On Tuesday, Vladimir Putin showed his contempt for the United States by making our secretary of state wait three hours to see him. It is an unprecedented and unheard-of insult.
But the background makes this insult less startling. Kerry was in Moscow to plead for Russian help in sorting out the administration’s terrible dilemma in Syria. President Obama does not wish to intervene but the humanitarian toll–75,000 killed since he said in the summer of 2011 that Assad must go–and the presence of Iranian and Hezbollah forces in Syria make that position increasingly indefensible. We may not want some sort of proxy war in Syria but Iran and Hezbollah do. And their presence has helped attract some 6,000 Sunni jihadis, whose presence destabilizes not only Syria today but potentially several other countries tomorrow.
Faced with this challenge what did Mr. Obama and Mr. Kerry do? They asked Putin for help. This is astonishing in itself, for the last four years offer proof that Putin is an enemy of the United States and seeks to weaken us, not to help us. The notion that we have common interests in Syria beggars belief.
There are messages Mr. Kerry might theoretically have delivered that might have elicited a different reaction from Putin. Try this one: “We will not permit a Hezbollah and Iranian victory in Syria and we will not accept Assad’s continuation in power. Nor will we accept a never-ending civil war there that produces a million refugees, whose presence may destabilize Jordan. So we will destroy Assad’s air power and he will lose the war, unless you get him out of there.” That might wake Putin up and maybe he would see American representatives without the humiliating three-hour wait. Today, we look weak and irresolute and he treats us accordingly.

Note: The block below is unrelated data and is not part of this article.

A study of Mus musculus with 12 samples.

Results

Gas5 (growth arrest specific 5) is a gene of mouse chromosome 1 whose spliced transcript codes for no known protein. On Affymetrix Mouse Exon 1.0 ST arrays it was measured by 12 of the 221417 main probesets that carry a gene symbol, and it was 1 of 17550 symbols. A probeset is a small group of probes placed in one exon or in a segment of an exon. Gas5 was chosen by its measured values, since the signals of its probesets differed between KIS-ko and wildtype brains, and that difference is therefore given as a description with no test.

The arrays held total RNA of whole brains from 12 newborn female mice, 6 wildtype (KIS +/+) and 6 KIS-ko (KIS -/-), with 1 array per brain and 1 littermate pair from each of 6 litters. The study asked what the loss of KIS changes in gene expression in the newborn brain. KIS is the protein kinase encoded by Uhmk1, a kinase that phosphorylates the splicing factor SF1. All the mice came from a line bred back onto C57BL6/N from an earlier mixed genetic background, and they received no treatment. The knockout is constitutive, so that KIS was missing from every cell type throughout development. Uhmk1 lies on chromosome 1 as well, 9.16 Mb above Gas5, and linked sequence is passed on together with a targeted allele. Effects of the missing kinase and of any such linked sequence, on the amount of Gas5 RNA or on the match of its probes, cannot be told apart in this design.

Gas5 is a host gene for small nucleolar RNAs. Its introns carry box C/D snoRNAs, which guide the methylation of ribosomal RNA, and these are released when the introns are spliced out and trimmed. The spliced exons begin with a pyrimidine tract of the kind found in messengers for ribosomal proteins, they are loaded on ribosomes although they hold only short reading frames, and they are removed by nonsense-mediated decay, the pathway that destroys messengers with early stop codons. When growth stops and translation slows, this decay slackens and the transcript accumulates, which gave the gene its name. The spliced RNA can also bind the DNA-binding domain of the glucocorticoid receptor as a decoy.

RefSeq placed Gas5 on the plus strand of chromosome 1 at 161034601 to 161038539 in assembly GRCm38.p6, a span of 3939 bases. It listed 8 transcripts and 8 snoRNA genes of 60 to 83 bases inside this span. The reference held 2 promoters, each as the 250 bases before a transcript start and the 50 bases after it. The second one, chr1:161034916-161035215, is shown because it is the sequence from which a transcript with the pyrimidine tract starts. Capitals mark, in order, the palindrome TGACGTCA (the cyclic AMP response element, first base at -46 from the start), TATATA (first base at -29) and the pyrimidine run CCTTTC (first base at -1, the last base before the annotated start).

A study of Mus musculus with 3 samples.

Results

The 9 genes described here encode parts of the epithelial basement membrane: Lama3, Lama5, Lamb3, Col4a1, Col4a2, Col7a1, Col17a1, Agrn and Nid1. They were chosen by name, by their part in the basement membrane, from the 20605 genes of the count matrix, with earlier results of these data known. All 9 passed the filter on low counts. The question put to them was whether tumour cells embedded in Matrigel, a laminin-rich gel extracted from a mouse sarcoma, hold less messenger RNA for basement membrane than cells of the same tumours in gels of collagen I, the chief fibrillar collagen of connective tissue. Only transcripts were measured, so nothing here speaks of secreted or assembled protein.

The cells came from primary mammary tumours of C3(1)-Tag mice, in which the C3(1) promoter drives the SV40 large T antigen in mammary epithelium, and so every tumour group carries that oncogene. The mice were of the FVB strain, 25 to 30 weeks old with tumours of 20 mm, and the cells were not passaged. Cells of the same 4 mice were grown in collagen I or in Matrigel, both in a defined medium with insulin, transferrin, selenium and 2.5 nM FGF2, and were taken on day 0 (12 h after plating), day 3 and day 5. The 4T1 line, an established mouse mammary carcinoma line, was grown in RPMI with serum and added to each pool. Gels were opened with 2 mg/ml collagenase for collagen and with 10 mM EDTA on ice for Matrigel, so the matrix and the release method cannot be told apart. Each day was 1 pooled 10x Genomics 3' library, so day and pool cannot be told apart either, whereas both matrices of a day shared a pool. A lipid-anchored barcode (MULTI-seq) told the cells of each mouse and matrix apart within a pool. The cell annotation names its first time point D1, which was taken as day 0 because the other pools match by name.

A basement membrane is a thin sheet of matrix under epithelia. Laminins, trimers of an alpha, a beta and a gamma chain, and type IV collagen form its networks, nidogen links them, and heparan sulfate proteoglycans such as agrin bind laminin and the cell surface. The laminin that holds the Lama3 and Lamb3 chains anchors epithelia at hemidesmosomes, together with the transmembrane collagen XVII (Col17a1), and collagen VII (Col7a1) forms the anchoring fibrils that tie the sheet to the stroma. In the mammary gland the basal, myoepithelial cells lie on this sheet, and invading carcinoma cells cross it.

In fact there are roughly 550,000 refugees in Jordan and the number grows by 60,000 a month. Are we prepared to see Jordan destabilized? Are we prepared to see Iranian and Hezbollah expeditionary forces changing the outcome of a conflict in the Middle East?
Perhaps. Nothing we have yet done in Syria really answers that question, although the unwillingness to act suggests that we are, and that the worst outcome the White House can contemplate is action–not defeat.
But defeat is possible. Should Assad stay in power due to Russian and Iranian and Hezbollah support, and should Hezbollah’s domination of Lebanon thereby be solidified, and should our long-time ally Jordan be destabilized by the presence of three-quarters of a million or a million Syrian refugees, we will have been defeated and our position in the Middle East dealt an historic setback. Any hope of a negotiated solution to the Iranian nuclear crisis would be gone. The alliance system we have built up in the Gulf would be shredded because our own credibility would be gone.
This is what is at stake in Syria. The picture of an American secretary of state hanging around for three hours, desperate to see Putin and seek his help, is pathetic–and suggests a profound misjudgment of Putin (who has nothing but contempt for weakness) and of Russian policy. There is little room for pity in the international politics of the Middle East: the strong prevail and the weak suffer. Our allies have believed we were the strong party, but must now doubt our will. The Israelis know that there is no substitute for power and the will to use it, so they are giving demonstrations in Syria of their own policy–in the absence of any American determination to prevail.
This is a situation fraught with danger for American allies and American national interests. Appealing to Russia for help is the true measure of this administration’s failures.